This book argues that a renewed consideration of artistic value should both critique contemporary bureaucratic misunderstandings of what art is and address the complexities and questions of contemporary philosophers in new and provocative ways. Writer and poet Ali Alizadeh focusses on the artistic theories of the key Western philosopher of value, Karl Marx. He explores Marx’s thoughts on art and literature and provides a new account of his revolutionary view of why we make art and how we understand art’s value.
By returning to Marx’s writings, from his juvenile poetry and earliest journalism to his final publications, Alizadeh proposes a theory which not only challenges many tenets of contemporary Marxist literary or cultural theory, but one which also presents us with a profound, coherent and stimulating theory of art that defines, values and demonstrates artistic practice. By mapping Marx’s intellectual development from the ideals of a young Hegelian to the polemics of a seasoned internationalist communist he shows that Marx never lost sight of art as a key aspect of human activity.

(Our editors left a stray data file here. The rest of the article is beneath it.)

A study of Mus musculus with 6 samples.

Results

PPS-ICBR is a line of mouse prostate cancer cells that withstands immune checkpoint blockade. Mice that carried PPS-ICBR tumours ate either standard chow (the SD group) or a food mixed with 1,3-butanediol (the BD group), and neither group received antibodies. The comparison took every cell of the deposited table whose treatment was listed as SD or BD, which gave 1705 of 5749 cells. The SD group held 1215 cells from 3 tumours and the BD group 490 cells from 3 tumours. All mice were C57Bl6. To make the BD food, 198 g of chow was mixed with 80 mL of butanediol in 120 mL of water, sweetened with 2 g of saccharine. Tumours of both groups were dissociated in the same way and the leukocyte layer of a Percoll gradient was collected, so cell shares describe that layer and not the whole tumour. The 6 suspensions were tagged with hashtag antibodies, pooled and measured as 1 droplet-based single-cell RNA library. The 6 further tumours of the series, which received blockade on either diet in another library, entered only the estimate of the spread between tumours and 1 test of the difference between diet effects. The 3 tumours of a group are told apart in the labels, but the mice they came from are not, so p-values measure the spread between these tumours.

Introduction: Art – What Is It Good For?
Chapter 1: Art and Value Before Marx
Chapter 2: The Intrinsic Freedom of Writing
Chapter 3: Art, Speculation and Ideology
Chapter 4: Art and the Juggernaut of Capital
Chapter 5: Why We Make Art
Conclusion: What Is to Be Done (About Art)?
About the Author
Refreshingly clearly written and refreshingly practical in its focus on what artists can do with their art, it strips aside the cumulative weight of subsequent Marxist theorising and returns to the humanist core of the young Marx’s own work. For Alizadeh, art is neither a cultural commodity nor an ideological superstructure, but rather a model of unalienated labour. Highly recommended.
Ali Alizadeh is a Senior Lecturer in Literary Studies and Creative Writing at Monash University’s School of Languages, Literatures, Cultures and Linguistics. His books include collections of poems, Towards the End, Ashes in the Air and Eyes in Times of War; novels, The Last Days of Jeanne d’Arc, Transactions and The New Angel; and a work of literary non-fiction, Iran, My Grandfather. This is his first philosophical monograph.